Monday, January 06, 2014

Hot Three-way Global Satellite Action!

          by Brian Orlotti

Carl von Clausewitz.
German military theorist Carl Von Clausewitz once said that “War is the continuation of politics by other means.” Recent moves in the global satellite navigation market by the US, Russia and China suggest that space is the continuation of trade wars by other means.

On Dec 26th 2013, US President Barack Obama signed a defense budget bill into law effectively banning Russia from building ground stations for its GLObalnaya NAvigatsionnaya Sputnikovaya Sistema (GLONASS) satellite navigation system on US soil.

The Republican-backed bill requires the Secretary of Defense and Director of National Intelligence to provide proof to the US Congress that the monitoring stations would not be used to spy on the US, or pose any threat to US national security.

The law does include provisions for the US Congress to waive the need for proof, though political pundits consider such a waiver unlikely.

In 2012, the Russian Federal Space Agency (Roscosmos) first pitched the idea of building six GLONASS antenna arrays and monitoring stations in the US to the US State Department. The structures would help improve GLONASS’ accuracy and reliability vis-à-vis the US’ own Global Positioning System (GPS). GLONASS is being marketed as a global alternative to GPS, in addition to serving Russia’s military and civilian markets.

According to the December 23rd, 2013 New York Times article "New Law All but Bars Russian GPS Sites in US," the US State Department had supported the building of the stations as a way to ease rocky relations between the US and Russia brought about by disagreements over such issues as Edward Snowden and the Syrian civil war.

However, US Republicans, suspicious of Russia’s motives, moved to sink the initiative. The Pentagon and the Central Intelligence Agency (CIA), supposedly concerned over Russian spying within US borders, sided with the Republicans.

As for the Russians, they were certainly confused by this turn of events. The December 31st, 2013 Voice of Russia article "US bans Russia's GLONASS for spying,"  quoted Alexei Smyatskikh, General Director of the SpaceTeam Group (a GLONASS systems integrator) as stating:
There are no restrictions on GPS signal reception or use in Russia or anywhere in the world. We have always been open to cooperation. All specialists have always said and continue saying that customers will benefit much more by using both systems - the GLONASS-GPS combination - than by using just one.
Russia had hoped to boost GLONASS’ competitive advantage by using it in tandem with GPS to boost accuracy, especially on mobile devices (i.e. smartphones and tablets). As outlined by the December 29th, 2013 Technoblimp article "Russia's GLONASS Essentially Banned from the US by New Law," many mobile device manufacturers (including Apple, Sony, and HTC) already use GLONASS compatible chipsets on their devices since Russian law requires them to. As outlined on their corporate website under the headline "GPS and GLONASS: “Dual-core" Location For Your Phone," Qualcomm Corporation, a US based provider of digital wireless telecommunications products and services, conducted tests in 2011 that showed using GLONASS and GPS signals together boosted location accuracy to 2 meters.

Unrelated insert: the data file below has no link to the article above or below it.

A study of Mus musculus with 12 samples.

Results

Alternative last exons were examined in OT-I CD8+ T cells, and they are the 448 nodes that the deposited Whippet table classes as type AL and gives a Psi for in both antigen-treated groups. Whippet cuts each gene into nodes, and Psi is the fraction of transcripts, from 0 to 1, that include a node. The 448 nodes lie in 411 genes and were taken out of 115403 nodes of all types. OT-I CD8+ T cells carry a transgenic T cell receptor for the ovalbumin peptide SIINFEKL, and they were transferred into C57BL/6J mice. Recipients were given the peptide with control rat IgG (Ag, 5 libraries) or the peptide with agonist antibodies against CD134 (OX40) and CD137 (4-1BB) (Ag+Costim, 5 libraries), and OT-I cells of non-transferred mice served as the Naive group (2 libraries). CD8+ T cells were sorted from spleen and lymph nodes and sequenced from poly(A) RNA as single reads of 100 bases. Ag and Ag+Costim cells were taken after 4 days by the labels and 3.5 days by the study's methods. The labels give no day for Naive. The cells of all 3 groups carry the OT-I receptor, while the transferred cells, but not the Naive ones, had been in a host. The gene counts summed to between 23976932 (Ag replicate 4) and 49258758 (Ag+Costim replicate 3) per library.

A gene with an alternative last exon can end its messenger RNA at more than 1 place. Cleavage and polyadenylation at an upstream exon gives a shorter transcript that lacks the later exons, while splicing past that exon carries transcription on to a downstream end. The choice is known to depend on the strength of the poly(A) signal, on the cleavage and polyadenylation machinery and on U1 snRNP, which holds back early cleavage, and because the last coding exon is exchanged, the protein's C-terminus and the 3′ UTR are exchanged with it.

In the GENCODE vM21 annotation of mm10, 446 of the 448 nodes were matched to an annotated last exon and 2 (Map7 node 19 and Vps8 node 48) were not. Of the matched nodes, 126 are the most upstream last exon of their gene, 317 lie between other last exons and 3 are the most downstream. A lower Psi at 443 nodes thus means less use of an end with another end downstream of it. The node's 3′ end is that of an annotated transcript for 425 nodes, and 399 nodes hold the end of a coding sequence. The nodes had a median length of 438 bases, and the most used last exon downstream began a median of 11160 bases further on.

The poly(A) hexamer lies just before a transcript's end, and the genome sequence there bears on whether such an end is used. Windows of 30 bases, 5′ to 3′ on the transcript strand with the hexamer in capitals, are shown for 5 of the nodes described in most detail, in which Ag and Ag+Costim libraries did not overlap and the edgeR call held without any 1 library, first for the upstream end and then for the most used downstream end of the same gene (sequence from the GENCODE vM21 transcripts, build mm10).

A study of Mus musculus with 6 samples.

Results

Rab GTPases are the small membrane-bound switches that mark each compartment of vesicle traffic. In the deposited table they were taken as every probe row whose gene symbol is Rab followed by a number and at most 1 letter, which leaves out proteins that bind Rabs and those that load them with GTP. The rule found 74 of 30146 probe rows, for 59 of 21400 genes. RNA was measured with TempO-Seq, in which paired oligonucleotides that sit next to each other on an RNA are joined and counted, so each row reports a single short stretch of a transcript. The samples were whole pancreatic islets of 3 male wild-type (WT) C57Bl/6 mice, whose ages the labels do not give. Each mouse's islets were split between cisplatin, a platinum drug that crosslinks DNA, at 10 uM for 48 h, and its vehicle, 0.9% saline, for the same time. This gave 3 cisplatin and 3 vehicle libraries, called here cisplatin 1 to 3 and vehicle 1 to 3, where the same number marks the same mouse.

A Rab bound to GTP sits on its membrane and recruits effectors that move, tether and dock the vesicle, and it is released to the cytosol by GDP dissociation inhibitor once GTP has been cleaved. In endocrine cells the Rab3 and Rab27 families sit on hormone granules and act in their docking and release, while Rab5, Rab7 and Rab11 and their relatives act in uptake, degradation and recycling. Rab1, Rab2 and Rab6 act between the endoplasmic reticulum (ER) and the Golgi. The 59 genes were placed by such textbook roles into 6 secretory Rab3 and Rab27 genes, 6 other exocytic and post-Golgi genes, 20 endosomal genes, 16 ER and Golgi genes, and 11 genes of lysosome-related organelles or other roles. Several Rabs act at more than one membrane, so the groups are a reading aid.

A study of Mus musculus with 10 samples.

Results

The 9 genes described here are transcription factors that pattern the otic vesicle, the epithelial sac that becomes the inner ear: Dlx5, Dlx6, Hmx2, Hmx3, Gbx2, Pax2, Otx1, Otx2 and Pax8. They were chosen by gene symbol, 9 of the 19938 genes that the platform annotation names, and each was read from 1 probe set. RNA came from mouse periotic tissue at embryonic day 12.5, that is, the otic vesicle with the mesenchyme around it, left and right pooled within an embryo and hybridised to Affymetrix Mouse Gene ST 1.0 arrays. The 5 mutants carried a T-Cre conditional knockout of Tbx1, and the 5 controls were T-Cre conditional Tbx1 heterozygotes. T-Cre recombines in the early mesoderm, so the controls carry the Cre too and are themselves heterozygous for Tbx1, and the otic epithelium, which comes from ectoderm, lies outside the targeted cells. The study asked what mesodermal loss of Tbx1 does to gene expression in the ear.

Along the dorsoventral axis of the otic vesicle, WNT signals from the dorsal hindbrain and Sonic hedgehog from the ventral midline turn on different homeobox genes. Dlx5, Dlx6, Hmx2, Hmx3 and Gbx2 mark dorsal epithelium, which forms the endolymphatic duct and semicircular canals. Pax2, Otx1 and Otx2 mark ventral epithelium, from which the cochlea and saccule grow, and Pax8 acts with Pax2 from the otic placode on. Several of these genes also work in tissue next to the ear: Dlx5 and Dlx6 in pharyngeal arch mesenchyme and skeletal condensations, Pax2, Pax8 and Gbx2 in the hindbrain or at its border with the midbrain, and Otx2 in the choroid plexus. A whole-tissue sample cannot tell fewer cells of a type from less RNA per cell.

Enter the Dark Horse: China.

On Dec 27th 2013, the China Satellite Navigation Office announced that China will provide free global access to its Beidou satellite navigation system by 2020. The Beidou system currently consists of 16 satellites, but starting in 2014, China will begin deploying new satellites with upgraded capabilities. Plans call for Beidou to be expanded to a constellation of 40 satellites by 2020, providing global coverage and improving positional accuracy from the current 10 meters to 2.5 meters. Chinese smartphone manufacturers are now incorporating Beidou chipsets into their products, which will arrive on retail shelves this year.

China also announced its first foreign Beidou customer, Thailand. As outlined in the December 27th, 2013 article, "Thailand to become first overseas user of Beidou," Thailand’s Space Technology Development Agency is currently building a Beidou ground station near Bangkok. Thailand plans to use the Beidou system for disaster response.

In essence, after decades of US dominance, alternatives to the US based GPS are now coming to the forefront. In the coming decades, competition will intensify from Russia’s GLONASS and China’s Beidou as well as in-development systems like the European Union’s Galileo global navigation satellite system and India’s Indian Regional Navigational Satellite System (IRNSS). The United States’ obstruction of GLONASS ground stations could be seen as a protectionist move aimed at stymying foreign competition; a preview perhaps of things to come.

Brian Orlotti.
The increasing role of space as an area of commerce could serve to bring nations together or provide the basis for future conflict (as with the Opium Wars of the 19th century). The coming decades will show which path the world chooses.

In the words of the old Chinese blessing/curse, ‘May you live in interesting times.’

Brian Orlotti is a Toronto-based IT professional and the treasurer of the Canadian Space Commerce Association (CSCA).